Join the ASBP for a free-to-attend workshop to discuss the Environmental Audit Committee’s inquiry into the ‘Sustainability of the Built Environment’.
About the inquiry
The Environmental Audit Committee (EAC) has announced an inquiry into the ‘Sustainability of the Built Environment’. The inquiry will explore a number of sustainability topics including net zero buildings, low carbon materials, whole life carbon policy, the planning system and material reuse. There is currently a live call for evidence with the committee inviting written submissions (max. 3000 words) on 10 key questions until Saturday 15th May 2021.
Why is it important
The inquiry represents a vital opportunity for ASBP, its members and wider industry to influence future environmental policy, particularly in regards to embodied carbon regulation and advocating the use of bio-based materials.
Last year, ASBP vice-chair Mark Lynn gave evidence to the Environmental Audit Committee on ‘sustainable and breathable building products & systems‘, with the final EAC report making welcome recommendations on incentivising the use of natural fibre insulation materials.
ASBP also endorses the Architects Climate Action Network’s campaign and report which calls for “urgent introduction of legislation to regulate embodied carbon emissions in the UK”, which ACAN recently won an ASBP Award for their efforts.
About this ASBP workshop
For this free-to-attend workshop, we will joined by experts from the ASBP team and board to explore the inquiry further and discuss each question (see below) in detail. To help our members and wider industry submit evidence, we aim to provide a number of key pointers which ASBP believes should be included in a written submission. We will circulate a draft of these recommendations pre-event and will publish a finalised version following discussions at the workshop.
The Committee is inviting written submissions on the following questions:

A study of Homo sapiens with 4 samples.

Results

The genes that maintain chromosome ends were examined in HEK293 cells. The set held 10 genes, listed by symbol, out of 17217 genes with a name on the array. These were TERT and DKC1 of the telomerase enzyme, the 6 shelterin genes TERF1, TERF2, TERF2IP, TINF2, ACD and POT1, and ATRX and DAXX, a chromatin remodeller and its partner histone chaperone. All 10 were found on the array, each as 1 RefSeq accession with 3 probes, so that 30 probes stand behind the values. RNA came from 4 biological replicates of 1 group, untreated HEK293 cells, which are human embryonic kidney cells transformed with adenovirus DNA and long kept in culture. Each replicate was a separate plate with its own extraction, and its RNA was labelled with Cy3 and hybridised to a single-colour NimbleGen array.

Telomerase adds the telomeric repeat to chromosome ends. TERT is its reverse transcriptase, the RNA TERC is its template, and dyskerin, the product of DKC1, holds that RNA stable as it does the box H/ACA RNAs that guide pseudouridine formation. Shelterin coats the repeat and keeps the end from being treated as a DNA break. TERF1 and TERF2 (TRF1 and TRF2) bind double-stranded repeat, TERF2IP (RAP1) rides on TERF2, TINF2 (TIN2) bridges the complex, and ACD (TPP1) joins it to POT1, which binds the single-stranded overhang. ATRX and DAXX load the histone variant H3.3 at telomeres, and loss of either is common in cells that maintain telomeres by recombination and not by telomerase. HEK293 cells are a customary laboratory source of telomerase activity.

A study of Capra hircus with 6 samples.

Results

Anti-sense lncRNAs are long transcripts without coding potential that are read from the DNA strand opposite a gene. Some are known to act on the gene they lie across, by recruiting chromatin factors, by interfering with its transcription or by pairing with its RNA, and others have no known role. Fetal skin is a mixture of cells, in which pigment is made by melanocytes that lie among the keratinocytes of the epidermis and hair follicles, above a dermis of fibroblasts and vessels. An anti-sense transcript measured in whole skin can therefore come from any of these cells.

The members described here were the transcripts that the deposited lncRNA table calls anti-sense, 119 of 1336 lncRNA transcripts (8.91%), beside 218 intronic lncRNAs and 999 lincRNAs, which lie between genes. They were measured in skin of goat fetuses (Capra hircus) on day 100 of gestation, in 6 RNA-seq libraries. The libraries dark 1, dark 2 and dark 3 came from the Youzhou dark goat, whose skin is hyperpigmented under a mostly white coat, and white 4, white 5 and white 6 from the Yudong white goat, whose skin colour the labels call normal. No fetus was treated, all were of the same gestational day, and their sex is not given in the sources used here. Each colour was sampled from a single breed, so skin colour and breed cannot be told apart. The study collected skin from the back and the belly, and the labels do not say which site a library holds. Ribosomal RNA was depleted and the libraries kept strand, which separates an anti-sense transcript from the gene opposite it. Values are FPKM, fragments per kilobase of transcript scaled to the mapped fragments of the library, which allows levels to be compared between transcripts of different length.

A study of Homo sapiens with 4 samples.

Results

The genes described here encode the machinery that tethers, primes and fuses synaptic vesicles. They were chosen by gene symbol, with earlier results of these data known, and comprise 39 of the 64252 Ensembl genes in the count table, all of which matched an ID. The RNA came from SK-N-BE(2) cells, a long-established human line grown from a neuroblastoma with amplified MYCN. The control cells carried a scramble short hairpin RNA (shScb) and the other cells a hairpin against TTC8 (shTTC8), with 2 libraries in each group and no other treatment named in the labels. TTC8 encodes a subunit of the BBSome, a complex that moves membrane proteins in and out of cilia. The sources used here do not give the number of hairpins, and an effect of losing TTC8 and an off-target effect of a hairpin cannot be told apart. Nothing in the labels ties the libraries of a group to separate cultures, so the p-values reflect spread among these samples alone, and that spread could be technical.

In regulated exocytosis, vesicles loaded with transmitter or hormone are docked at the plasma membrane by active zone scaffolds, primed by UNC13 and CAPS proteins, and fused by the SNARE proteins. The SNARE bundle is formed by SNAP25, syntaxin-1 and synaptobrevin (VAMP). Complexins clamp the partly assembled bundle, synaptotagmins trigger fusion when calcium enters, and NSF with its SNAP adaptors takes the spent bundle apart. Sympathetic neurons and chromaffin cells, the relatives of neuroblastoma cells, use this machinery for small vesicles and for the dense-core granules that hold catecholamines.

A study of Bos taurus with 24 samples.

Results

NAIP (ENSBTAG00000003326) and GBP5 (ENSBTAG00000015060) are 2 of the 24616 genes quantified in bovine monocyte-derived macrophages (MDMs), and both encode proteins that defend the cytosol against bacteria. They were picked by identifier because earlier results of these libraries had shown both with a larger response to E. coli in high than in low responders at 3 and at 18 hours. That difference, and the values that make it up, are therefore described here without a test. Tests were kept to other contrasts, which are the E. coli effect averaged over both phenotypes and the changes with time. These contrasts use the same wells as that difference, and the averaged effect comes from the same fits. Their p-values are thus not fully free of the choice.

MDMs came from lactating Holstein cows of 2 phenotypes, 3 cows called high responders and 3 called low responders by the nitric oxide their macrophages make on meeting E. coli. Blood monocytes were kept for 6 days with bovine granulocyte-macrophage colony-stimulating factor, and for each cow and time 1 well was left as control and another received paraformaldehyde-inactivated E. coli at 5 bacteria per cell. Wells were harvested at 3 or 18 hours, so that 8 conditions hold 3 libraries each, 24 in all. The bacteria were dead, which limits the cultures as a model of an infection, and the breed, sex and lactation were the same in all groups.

- To what extent have the Climate Change Committee’s recommendations on decarbonising the structural fabric of new homes been met?
- How can materials be employed to reduce the carbon impact of new buildings, including efficient heating and cooling, and which materials are most effective at reducing embodied carbon?
- What role can nature-based materials can play in achieving the Government’s net zero ambition?
- What role can the planning system, permitted development and building regulations play in delivering a sustainable built environment? How can these policies incentivise developers to use low carbon materials and sustainable design?
- What methods account for embodied carbon in buildings and how can this be consistently applied across the sector?
- Should the embodied carbon impact of alternative building materials take into account the carbon cost of manufacture and delivery to site, enabling customers to assess the relative impact of imported versus domestically sourced materials?
- How well is green infrastructure being incorporated into building design and developments to achieve climate resilience and other benefits?
- How should we take into account the use of materials to minimise carbon footprint, such as use of water harvesting from the roof, grey water circulation, porous surfaces for hardstanding, energy generation systems such as solar panels?
- How should re-use and refurbishment of buildings be balanced with new developments?
- What can the Government do to incentivise more repair, maintenance and retrofit of existing buildings?
Why should I attend?
- Hear from industry experts on a wide-range of sustainability topics, including embodied carbon, low carbon materials and material reuse.
- An opportunity to debate the important issues that are being scrutinised as part of the inquiry.
- Receive recommendations on how to respond to the inquiry questions.
13:00 Welcome – Simon Corbey, Director, ASBP
13:05 Short talks from ASBP experts (10 mins each)
13:45 Facilitated discussion
14:20 Wrap up
Free to attend, registration essential. Register via Eventbrite.